When I bought the Complete New Yorker, I knew that I wanted to transfer it to a hard drive and bought an external drive a couple days later. And I love having all those old New Yorkers. Previously, I was buying bound copies on eBay and would soon have to buy an off-site warehouse to store my half million pages.
But, you can't copy it to a hard drive. I tried everything (with lots of help from Hooptyreaders! Thanks Bruce! Myke! Dean! Frank! Thomas!) and it really looked like the Toast option was going to work. It correctly mounted the disc image and appeared to have all the necessary attributes, sizes, dates and icons. But, it didn't work because it is copy protected with Macrovision.
I am so profoundly disappointed. The New Yorker is in the business of selling magazines. Certainly, they make a few dollars off the Cartoon Bank and their various editorial compilations, but I would bet, that the overwhelming money comes from ad space. Perhaps I am wrong, but I doubt it. What are they afraid of? The 8 DVD's are going to be on P2P sites? The New Yorker is concerned that people will be downloading 60 GBs to read old Talk of the Town snippets? That high school kids are going to be trading them in the parking lot? They will be sold on street corners along with Harry Potter? Wouldn't this huge black market of Complete New Yorker piracy just create more demand for the magazine and more ad space dollars? It is fitting of a New Yorker cartoon!
I would be downloading all 60GBs, I am that devoted. But I don't have to because The Complete New Yorker is cheap, beautifully packaged and comes with a great highlights book. The scans are good, the software adequate, the extracts are decent so the searching really works, but I do revoke my recommendation that it is worth buying. You buy it, but you don't own it. Conde Nast still owns it. You can't use it in a fair, legal and sensible manner and you don't know that until you own it, as it doesn't have a sticker reading 'This DVD is Fucked.' It is not unreasonable to expect that consumers would choose to archive and eliminate the onerous disc swapping that is caused by being spread over 8 DVDs.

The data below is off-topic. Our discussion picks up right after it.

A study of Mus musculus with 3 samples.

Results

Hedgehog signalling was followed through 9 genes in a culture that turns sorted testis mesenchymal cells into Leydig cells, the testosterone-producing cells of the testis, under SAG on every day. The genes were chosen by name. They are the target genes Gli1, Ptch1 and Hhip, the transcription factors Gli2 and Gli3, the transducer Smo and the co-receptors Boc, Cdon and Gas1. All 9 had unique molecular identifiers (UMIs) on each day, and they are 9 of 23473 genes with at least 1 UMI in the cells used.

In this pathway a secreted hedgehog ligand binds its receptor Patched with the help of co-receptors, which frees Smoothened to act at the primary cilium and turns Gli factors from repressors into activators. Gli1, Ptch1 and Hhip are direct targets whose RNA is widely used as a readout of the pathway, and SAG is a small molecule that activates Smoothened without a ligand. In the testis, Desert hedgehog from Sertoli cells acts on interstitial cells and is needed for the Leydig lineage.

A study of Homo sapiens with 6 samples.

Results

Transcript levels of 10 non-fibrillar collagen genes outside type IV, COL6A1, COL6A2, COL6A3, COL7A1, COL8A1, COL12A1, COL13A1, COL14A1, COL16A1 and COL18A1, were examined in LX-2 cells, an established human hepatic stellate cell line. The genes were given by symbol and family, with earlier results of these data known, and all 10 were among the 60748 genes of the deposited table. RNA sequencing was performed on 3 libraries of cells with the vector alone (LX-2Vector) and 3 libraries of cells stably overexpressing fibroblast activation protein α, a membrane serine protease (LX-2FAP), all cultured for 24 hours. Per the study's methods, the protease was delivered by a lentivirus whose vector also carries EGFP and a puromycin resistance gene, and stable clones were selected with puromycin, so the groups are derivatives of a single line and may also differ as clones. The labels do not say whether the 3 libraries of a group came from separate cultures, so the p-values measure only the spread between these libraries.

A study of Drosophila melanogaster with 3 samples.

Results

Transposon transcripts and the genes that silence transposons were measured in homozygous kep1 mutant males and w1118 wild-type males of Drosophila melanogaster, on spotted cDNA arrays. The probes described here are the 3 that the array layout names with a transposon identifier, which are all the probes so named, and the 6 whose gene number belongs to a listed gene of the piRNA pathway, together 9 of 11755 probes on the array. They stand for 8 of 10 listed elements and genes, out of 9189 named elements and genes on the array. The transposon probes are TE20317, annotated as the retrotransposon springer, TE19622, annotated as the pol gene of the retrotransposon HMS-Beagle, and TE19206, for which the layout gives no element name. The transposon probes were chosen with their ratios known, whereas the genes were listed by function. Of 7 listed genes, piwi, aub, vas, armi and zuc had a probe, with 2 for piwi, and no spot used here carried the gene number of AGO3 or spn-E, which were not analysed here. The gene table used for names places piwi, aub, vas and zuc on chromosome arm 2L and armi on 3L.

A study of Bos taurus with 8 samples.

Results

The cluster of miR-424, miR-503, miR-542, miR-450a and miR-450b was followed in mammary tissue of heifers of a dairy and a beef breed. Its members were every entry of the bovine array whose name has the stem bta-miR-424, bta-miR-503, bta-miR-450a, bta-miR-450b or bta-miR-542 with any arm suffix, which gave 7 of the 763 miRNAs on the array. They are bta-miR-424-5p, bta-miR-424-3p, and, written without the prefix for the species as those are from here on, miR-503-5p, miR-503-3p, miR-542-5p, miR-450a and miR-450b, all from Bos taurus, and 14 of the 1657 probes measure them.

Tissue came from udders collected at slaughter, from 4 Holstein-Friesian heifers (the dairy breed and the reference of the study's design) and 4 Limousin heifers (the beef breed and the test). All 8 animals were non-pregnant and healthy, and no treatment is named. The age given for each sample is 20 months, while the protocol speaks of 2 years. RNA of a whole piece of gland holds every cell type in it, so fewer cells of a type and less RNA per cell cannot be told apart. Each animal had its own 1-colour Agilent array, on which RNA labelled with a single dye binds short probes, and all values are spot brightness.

What next? Well, it was a mission, now it is an epic battle. There are lots of DVD copy programs that disable Macrovision, but I have not found one that will create a mountable disk image. Anybody know of one? If I have to, I will buy a DVD writer tommorrow and copy them, then mount the Macrovision-stripped disc images with Toast. Why go to all this trouble? I like to fix broken stuff and I don't like being told that I can't.
And, for any Hooptyreader that wishes to draw an original New Yorker style cartoon making fun of the feared New Yorker black market, I will send you, in recognition, a Super Mega Heavy Metal Robot that walks, spins, flashes LEDs and SPEAKS SPANISH!